Variations in the degree of epiblepharon with changes in position and induction of general anesthesia
Soolienah Rhiu ; Jin Sook Yoon ; Sang Yeul Lee ; Su Yan Zhao
Graefes Archive for Clinical and Experimental Ophthalmology, Vol.251(3) : 929~933, 2013
Graefes Archive for Clinical and Experimental Ophthalmology
To investigate the changes of epiblepharon by evaluating the severity of epiblepharon before and after induction of general anesthesia.
Sixty-three pediatric patients (126 eyes) underwent surgery for epiblepharon between April 2008 and September 2008 (35 females, 28 males; average age: 4.74 years). The severity of epiblepharon in each eye was scored according to skin-fold height (scored 1-4) and area of ciliocorneal touch (scored 1-3) while the patient was in upright and supine positions before induction of general anesthesia and in supine position after induction of anesthesia.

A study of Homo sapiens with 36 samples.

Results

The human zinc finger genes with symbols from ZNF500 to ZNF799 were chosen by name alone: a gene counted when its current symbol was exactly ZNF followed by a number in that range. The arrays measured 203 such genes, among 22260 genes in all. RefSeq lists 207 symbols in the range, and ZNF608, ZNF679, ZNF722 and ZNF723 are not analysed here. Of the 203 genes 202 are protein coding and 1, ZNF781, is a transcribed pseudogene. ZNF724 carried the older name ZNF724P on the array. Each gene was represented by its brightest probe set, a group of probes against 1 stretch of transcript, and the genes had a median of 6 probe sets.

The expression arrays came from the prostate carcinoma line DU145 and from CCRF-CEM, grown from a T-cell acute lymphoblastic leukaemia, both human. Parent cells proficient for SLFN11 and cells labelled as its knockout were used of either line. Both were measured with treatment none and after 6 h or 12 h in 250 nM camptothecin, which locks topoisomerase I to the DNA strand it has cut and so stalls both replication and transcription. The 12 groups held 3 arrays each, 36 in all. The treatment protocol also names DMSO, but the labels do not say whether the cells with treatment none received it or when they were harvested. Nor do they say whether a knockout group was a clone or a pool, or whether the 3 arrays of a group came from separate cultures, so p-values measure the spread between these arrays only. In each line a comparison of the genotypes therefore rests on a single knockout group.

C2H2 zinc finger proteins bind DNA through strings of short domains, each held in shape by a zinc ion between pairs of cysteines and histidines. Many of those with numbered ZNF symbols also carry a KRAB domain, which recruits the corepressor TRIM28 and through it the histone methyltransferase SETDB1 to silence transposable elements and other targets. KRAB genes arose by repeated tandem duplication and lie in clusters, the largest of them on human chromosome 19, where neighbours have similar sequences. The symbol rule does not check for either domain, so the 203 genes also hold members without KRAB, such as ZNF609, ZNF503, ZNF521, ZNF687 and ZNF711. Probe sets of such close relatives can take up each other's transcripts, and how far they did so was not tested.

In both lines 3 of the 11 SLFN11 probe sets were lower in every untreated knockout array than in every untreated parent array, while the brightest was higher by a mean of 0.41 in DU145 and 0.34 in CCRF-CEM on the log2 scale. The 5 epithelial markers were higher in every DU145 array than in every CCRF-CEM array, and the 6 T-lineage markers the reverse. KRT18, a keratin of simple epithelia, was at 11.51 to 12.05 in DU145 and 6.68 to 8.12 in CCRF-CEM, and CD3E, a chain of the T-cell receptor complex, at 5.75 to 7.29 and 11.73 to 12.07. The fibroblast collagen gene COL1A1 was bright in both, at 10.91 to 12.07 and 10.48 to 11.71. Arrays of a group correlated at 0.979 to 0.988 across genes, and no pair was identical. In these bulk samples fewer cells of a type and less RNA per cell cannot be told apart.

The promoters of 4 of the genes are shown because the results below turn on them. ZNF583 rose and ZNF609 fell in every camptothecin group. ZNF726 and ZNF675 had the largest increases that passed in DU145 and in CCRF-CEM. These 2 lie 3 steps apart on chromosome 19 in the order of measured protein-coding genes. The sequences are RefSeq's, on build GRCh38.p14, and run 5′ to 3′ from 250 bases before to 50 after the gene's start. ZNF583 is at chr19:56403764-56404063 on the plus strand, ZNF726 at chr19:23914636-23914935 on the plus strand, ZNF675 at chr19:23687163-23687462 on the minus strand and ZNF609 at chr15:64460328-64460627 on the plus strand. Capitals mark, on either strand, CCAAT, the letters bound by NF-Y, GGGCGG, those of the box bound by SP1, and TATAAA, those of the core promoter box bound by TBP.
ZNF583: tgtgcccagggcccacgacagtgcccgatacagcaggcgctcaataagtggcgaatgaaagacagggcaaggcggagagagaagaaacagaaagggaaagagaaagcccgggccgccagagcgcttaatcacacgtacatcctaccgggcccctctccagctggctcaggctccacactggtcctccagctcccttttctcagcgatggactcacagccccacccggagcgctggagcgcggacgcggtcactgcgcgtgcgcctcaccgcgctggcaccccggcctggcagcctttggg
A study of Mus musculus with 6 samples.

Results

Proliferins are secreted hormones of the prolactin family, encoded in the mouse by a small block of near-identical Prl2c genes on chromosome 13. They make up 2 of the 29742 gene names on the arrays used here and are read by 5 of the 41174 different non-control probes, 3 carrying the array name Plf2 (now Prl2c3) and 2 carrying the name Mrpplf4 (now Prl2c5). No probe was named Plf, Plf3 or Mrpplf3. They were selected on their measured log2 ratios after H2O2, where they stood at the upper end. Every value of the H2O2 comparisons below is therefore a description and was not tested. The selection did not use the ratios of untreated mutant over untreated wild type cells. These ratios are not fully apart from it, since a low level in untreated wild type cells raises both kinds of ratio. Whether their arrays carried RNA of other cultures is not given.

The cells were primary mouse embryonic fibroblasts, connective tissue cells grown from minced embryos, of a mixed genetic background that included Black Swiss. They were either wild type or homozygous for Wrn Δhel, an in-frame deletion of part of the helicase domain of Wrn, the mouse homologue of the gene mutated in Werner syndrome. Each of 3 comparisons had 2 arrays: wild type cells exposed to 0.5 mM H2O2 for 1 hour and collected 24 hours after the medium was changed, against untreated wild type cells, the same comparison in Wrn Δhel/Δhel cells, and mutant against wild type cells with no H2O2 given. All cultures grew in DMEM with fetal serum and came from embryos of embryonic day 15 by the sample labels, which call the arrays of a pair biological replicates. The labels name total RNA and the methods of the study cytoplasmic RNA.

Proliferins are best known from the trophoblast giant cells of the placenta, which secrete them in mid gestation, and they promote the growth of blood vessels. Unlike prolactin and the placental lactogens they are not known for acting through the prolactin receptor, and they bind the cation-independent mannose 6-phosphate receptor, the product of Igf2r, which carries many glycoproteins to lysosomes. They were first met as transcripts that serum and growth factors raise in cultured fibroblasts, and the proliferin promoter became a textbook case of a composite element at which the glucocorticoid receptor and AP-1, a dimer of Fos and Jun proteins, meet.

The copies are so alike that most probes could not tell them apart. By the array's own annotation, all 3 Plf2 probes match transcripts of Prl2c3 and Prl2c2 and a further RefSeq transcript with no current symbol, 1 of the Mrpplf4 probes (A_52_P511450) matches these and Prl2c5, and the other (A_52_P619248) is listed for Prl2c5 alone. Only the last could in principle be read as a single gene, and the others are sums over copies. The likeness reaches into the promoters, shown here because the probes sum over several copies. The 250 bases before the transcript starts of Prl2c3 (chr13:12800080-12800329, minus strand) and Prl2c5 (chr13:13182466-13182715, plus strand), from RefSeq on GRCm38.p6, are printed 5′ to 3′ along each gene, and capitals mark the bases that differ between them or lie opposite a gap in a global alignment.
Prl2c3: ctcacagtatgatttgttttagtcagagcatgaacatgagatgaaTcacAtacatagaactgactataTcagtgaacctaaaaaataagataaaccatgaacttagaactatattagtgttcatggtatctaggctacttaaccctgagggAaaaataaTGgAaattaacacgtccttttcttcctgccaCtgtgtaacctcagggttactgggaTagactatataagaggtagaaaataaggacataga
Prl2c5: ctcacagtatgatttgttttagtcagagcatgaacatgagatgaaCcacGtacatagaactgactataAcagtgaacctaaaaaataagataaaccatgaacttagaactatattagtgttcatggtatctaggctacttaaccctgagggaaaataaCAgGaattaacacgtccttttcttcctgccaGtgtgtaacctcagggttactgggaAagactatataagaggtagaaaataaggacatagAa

The severity of epiblepharon was significantly reduced by a positional change to supine position and induction of general anesthesia. Skin-fold height scores decreased when patients were moved from upright (estimated mean ± standard error [SE]; 2.98 ± 0.08) to supine position (2.63 ± 0.09) (P < 0.001) prior to induction of anesthesia, and decreased further after induction of general anesthesia (2.12 ± 0.08) (P < 0.001). Ciliocorneal touch scores also decreased after patients were moved to supine position and after induction of general anesthesia (upright: 2.17 ± 0.05; supine: 1.95 ± 0.06; general anesthesia: 1.64 ± 0.07, P < 0.001).
Our study demonstrates that positional changes and general anesthesia using muscle relaxants affect the degree of epiblepharon. Surgeons should be aware of these variations for operative planning of epiblepharon.